Salty, Tek, Lavarnway and the Future of Boston Red Sox Catching

Elsa/Getty Images

The Boston Red Sox began 2011 with big questions behind the dish.

The starting catching job was entrusted to the 25-year-old Jarrod Saltalamacchia, who had played in only 12 games in 2010 and never more than 100 in his four seasons in the Majors.

Backing him up was Jason Varitek, the 39-year-old team captain, who was accepting a formal reserve role for the first time in his 14-year career.

Victor Martinez was with the Tigers after signing a four-year deal for $50 million with Detroit in Nov. 2010.

Martinez had hit well with the Sox since coming over from Cleveland in 2009, batting .313 in 183 games.

But the Red Sox had reservations about Martinez's ability to catch everyday, and, indeed, the bulk of V-Mart's at-bats in 2011 came as Detroit's designated hitter.

So the Sox bet on the tandem of Saltalamacchia and Varitek.

Salty didn't exactly silence questions about his durability in 2011. He made 96 starts at catcher and missed multiple chunks of time due to injury.

As a comparison, Varitek typically made between 120 and 130 starts at catcher during his prime.

Early in the season, Salty looked pretty lost behind the plate. He was prone to getting crossed up with his pitcher and resorted to frequent trips to the mound, especially with relievers.

Ed Zurga/Getty Images

These mound trips became less frequent as the season progressed. This isn't based upon empirical evidence, but rather, a confident gut feeling.

With the bat, it would have been nice to see Salty hit for a bit higher of an average than .235, but it's hard to complain about his pop: 16 HR and 56 RBI.

As for Varitek, he had a decent enough season for a backup catcher; however, his ineffectiveness down the stretch is hard to overlook.

He played a bit more than expected the first couple of months when Salty had a cold bat. All told, Tek played in 68 games in 2011, 64 of them starts behind the plate.

He served as Josh Beckett's personal catcher, calling all but Beckett's first and final starts of 2011.

Like Salty, Tek provided a little pop, hitting 11 in his limited action.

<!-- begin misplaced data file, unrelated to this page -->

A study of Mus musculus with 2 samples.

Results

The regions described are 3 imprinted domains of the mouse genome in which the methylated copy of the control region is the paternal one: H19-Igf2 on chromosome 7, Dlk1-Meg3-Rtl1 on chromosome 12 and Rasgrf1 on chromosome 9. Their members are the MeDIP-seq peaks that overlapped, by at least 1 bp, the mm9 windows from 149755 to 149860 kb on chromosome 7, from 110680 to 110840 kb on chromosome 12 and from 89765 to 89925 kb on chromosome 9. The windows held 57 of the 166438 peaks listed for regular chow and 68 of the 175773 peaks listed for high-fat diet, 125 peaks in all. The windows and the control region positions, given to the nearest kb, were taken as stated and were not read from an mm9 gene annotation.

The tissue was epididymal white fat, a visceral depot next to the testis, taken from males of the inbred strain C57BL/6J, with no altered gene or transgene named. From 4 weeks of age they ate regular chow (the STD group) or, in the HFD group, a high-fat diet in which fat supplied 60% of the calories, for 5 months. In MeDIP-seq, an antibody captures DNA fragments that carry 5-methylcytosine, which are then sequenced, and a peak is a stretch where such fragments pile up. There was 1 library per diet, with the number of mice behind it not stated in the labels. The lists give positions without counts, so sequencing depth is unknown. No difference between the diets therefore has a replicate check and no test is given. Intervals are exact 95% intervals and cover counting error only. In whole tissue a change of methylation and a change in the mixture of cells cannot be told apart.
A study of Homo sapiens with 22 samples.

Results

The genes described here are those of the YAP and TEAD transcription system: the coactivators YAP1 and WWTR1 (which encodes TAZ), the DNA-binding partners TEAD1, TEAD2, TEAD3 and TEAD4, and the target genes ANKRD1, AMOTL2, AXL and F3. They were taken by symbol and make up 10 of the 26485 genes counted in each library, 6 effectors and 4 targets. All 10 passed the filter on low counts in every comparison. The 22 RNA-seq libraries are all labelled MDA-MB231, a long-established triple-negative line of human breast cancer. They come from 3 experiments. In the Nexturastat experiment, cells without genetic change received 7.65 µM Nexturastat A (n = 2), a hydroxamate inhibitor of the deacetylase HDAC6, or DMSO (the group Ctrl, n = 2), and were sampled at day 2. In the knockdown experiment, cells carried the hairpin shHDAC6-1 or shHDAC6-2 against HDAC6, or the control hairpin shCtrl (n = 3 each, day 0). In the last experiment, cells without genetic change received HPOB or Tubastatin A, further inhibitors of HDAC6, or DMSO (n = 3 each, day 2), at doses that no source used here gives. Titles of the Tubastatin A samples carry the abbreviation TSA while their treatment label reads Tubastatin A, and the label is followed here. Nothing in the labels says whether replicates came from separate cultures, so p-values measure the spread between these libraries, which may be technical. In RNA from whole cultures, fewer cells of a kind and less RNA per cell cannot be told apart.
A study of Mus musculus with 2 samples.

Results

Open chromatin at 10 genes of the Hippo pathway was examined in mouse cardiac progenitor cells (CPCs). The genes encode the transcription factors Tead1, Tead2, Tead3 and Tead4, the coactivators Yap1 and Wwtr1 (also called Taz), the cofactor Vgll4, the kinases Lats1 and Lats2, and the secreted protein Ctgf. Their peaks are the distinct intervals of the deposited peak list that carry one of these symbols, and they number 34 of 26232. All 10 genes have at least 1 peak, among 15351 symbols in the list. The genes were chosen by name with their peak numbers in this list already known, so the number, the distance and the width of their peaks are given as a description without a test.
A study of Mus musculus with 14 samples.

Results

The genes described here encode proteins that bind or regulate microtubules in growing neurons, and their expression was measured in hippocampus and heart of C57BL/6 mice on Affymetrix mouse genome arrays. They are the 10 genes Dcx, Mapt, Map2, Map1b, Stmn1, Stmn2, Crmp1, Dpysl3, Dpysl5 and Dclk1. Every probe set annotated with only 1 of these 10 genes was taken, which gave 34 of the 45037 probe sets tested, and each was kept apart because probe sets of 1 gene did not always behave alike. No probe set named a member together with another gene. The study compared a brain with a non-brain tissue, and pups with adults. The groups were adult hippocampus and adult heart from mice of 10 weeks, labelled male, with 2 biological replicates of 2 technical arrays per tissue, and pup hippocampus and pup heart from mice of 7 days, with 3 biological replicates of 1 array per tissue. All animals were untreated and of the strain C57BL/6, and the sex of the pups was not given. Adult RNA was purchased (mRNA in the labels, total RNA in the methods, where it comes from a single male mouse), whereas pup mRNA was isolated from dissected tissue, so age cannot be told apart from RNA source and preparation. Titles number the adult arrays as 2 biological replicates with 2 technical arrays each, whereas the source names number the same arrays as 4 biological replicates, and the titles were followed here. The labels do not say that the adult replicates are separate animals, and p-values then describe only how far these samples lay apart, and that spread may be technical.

Not surprisingly, given the team's hideous September, neither Varitek nor Saltalamacchia acquitted himself particularly well down the stretch 

Salty hit .162 in September with .174 OBP.

Varitek was even worse, hitting a woeful .077 with a .200 OBP.

Varitek was actually a rather poor hitter for the second half overall, hitting .176 with a .242 OBP after the All-Star break.

Jim Rogash/Getty Images

On the basepaths, Salty threw out 31 percent of his base-stealers, a hair above the AL average 28 CS%.

Varitek has struggled to throw out baserunners in recent seasons, and 2011 was no different. His 14 CS% was well below his career 23 CS%, as well as the aforementioned league average.

Late in the season, the Red Sox got a look at their top minor league catcher, Ryan Lavarnway.

Lavarnway, 24, split his time between Double-A Portland and Triple-AAA Pawtucket in 2011, hitting a combined .290/.376/.563/.939.

He hit 14 homers with the Sea Dogs and mashed another 18 with the PawSox. 

Not bad for a philosophy major out of Yale, huh?

That home run power earned Lavarnway his initial call-up in August. He got a week of games at DH with David Ortiz nursing a sore heel.

Lavarnway swung a hot bat, hitting .304 with two doubles and three RBIs in seven games.

He was recalled when rosters expanded in September, and he got some time behind the plate, picking up three starts, including both of the season's final two games.

Lavarnway's pair of homers in Boston's 8-7 win in 2011's penultimate game were essentially the lone bright spots amid a gloomy conclusion to the season.

Rob Carr/Getty Images

Lavarnway's bat is clearly Major-League-ready; what's less certain is if the Red Sox are ready to entrust a serious chunk of big league game-calling to him. 

 

Looking Ahead to 2012

After an effective and reasonably healthy season, Saltalamacchia's roster spot is his to lose. 

WIth his offensive skill set, Ryan Lavarnway will, at the very least, get a good look during spring training.

The major question looking ahead to next season is whether the Red Sox will bring back Varitek, who turns 40 next April.

Tek wants to be back, but is he wanted back?f

It's worth wondering whether Varitek will be a victim of sorts in the fallout from the team's September collapse. 

For one, is Varitek at least partially culpable for Boston's clubhouse drama?

Aside from any sort of failure as the captain, it is simply increasingly difficult to justify a spot on the roster to the aging and regressing Varitek.

I don't think Varitek will hang 'em up, but I also don't see the Sox bringing him back for 2012. 

I see Salty being slotted in the No. 1 spot again, and he'll make more starts next season, probably something in the neighborhood of 110. 

Lavarnway will be tabbed as the backup catcher, and he'll get grab the occasional start as the DH, particularly against left-handed pitching.